There were strong winds that blew deliveries off course and forced broadcast staff to abandon their posts at the Adelaide End, middle-order batters that fought back, and tailenders who resisted for hours.
Through all that, New Zealand's bowlers "kept on coming", said captain Tim Southee. New Zealand had bowled 66.5 overs in the first innings, and then, having enforced the follow-on, ended up delivering 142 more - a total of 208.5 overs.
And despite Monday's conditions, which were extreme even for Basin Reserve, where strong winds frequently affect play, New Zealand still completed their innings victory, to seal the series 2-0.
"We've had a few follow-ons, and you're preparing yourself to possibly be out in the field for a long time," Southee said. "It was great to have the guys want the ball in their hand, and wanting to keep coming in. Guys putting up their hand up to bowl into the wind. I think of Blair Tickner's spell early in the day, to come into the wind, and to get the two guys out early was massive and set up the day. Doug Bracewell coming in after a long period of time and wanting to bowl into the wind. The guys just kept on coming. That's a characteristic of the side - to keep going in tough times.
"She was pretty blustery out there. Not pleasing conditions to be out there in. I can't remember too many times when the camera was taken down. It just shows the sheer force of the winds and the gusts that were out there today. Some horrible conditions at times. The guys just managed to find a way to get the job done."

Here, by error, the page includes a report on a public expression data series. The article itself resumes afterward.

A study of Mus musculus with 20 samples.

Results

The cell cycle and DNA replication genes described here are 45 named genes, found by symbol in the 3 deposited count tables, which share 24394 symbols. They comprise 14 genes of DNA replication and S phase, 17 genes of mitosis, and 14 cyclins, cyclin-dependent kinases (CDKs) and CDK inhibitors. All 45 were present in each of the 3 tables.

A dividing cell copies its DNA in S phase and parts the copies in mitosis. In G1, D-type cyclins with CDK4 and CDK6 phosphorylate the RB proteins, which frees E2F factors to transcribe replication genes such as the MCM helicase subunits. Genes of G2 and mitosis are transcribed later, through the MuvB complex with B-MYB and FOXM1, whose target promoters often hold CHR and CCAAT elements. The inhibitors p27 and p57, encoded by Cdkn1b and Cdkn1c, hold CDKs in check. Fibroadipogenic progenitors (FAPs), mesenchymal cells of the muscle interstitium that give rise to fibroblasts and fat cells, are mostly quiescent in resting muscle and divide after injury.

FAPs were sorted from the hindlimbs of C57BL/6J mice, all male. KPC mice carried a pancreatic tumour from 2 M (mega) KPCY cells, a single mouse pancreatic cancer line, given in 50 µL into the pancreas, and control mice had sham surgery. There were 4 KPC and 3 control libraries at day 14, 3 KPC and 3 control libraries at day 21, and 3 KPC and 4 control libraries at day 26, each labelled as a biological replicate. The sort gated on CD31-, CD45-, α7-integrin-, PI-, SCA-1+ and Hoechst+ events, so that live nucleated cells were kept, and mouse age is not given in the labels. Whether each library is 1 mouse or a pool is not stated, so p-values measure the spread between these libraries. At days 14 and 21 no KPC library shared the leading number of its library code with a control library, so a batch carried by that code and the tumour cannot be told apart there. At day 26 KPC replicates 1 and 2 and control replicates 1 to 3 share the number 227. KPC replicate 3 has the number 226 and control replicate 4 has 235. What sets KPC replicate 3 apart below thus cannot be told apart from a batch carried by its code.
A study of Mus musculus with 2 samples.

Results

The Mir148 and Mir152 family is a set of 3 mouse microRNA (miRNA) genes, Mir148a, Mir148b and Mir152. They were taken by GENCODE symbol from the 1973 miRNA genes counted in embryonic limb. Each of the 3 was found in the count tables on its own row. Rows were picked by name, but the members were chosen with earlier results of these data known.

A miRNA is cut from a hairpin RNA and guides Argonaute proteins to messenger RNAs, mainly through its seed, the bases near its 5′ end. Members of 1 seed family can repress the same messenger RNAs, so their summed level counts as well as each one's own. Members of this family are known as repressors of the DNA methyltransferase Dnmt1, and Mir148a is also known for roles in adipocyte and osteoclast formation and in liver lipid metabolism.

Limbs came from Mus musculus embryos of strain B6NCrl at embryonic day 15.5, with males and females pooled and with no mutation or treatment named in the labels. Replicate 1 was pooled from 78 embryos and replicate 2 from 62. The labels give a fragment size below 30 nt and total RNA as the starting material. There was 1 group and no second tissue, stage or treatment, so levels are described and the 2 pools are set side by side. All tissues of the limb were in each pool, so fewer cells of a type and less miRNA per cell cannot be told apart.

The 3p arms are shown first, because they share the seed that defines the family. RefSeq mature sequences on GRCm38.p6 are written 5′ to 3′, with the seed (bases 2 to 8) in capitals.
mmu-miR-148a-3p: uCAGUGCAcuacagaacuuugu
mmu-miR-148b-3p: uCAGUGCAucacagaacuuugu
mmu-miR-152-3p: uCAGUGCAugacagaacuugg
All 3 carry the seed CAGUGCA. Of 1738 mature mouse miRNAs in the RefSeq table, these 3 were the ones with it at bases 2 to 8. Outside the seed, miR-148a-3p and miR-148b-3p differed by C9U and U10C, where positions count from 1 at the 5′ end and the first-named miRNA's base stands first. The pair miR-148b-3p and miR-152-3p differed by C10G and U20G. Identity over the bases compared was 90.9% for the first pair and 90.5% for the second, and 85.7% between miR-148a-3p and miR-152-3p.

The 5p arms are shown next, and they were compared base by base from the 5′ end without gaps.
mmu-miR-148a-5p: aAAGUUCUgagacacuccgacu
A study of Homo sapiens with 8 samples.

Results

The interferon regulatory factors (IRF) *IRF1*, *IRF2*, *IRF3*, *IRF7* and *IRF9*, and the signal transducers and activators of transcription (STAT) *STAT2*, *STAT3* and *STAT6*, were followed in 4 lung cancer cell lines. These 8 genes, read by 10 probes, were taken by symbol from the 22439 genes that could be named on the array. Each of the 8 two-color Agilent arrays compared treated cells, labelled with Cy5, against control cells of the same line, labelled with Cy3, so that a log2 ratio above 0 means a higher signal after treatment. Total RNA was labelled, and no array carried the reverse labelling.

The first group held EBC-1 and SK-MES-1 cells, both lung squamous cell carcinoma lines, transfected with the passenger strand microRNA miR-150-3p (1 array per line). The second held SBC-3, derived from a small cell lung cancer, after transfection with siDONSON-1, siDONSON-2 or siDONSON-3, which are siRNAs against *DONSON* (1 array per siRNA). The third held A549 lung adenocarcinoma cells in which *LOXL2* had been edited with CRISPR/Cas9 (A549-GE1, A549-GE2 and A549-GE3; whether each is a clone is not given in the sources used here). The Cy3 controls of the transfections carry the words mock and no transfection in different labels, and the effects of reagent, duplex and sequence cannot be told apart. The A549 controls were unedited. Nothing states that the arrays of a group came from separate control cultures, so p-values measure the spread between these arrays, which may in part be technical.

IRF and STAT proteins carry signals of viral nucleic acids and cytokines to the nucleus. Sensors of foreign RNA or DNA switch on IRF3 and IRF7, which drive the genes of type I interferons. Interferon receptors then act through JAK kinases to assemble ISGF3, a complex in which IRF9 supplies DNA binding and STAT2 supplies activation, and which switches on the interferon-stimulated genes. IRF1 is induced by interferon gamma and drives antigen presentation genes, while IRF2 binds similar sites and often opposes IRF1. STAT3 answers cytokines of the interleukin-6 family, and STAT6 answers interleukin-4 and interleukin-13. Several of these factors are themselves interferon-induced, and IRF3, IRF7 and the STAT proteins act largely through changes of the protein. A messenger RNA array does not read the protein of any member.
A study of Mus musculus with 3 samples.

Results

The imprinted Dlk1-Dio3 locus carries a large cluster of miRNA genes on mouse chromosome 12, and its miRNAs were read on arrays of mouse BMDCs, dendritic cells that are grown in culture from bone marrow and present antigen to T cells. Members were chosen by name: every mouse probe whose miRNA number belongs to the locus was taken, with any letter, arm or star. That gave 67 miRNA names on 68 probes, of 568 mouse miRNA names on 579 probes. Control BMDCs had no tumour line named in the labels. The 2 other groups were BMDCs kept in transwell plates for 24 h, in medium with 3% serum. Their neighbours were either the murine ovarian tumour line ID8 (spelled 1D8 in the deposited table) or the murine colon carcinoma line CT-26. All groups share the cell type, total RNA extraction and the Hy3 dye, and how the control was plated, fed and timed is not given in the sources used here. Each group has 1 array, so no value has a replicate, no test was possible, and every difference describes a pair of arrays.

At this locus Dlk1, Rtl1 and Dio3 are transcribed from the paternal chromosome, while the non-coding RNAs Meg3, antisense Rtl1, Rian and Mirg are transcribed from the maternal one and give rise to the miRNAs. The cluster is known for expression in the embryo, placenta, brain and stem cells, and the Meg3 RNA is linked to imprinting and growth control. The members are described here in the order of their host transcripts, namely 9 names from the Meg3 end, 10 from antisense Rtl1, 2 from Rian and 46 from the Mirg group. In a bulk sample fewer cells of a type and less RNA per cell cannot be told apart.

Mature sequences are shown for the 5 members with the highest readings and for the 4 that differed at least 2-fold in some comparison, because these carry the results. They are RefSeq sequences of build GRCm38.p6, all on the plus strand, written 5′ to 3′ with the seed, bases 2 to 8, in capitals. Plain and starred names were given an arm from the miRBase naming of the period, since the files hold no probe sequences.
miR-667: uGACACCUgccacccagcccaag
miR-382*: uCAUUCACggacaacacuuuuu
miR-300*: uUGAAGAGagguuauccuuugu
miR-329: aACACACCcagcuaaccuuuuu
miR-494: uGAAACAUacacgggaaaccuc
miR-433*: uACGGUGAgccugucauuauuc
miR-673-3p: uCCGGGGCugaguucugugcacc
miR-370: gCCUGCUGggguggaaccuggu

With the Basin Reserve surface having flattened out, New Zealand peppered the opposition with short balls - Tickner started the day with a bouncer barrage that dismissed the overnight pairing of Kusal Mendis and Angelo Mathews, who on the previous tour had batted out an entire fourth day at this venue to save a Test.
This time, however, they were both out in the opening exchanges of day four, out trying to take on the short ball. Sri Lanka had ended the third day 113 for 2, but were 116 for 4 pretty quickly.
"It was a pretty slow surface," Southee said. "The ball was 40 overs old, and we had Matt Henry at the other end bowling more traditional lengths, and we thought Blair bowling short was our best chance to get a couple of early wickets and it came off today."
This was New Zealand's fourth Test in fairly quick succession, after having finished a two-Test series against England not long before Sri Lanka arrived. At the end of a big bowling effort, Southee paid tribute to New Zealand's endurance over their Test season.
"The guys are all a bit weary after a busy wee while," he said. "Test cricket isn't easy. The guys were a bit heavy in the legs, but very pleased to have this game wrapped up.
"There's a lot of character shown throughout the home summer, and also in Pakistan as well, which is a tough place to go. We got ourselves in positions to win both of those Pakistan matches as well. It's been a pleasing few months in the whites. A number of guys have stepped up. We've won from different positions, and have shown character to bounce back from a loss at Mount Maunganui [against Bangladesh]. It's nice for Test cricket to be ticking along."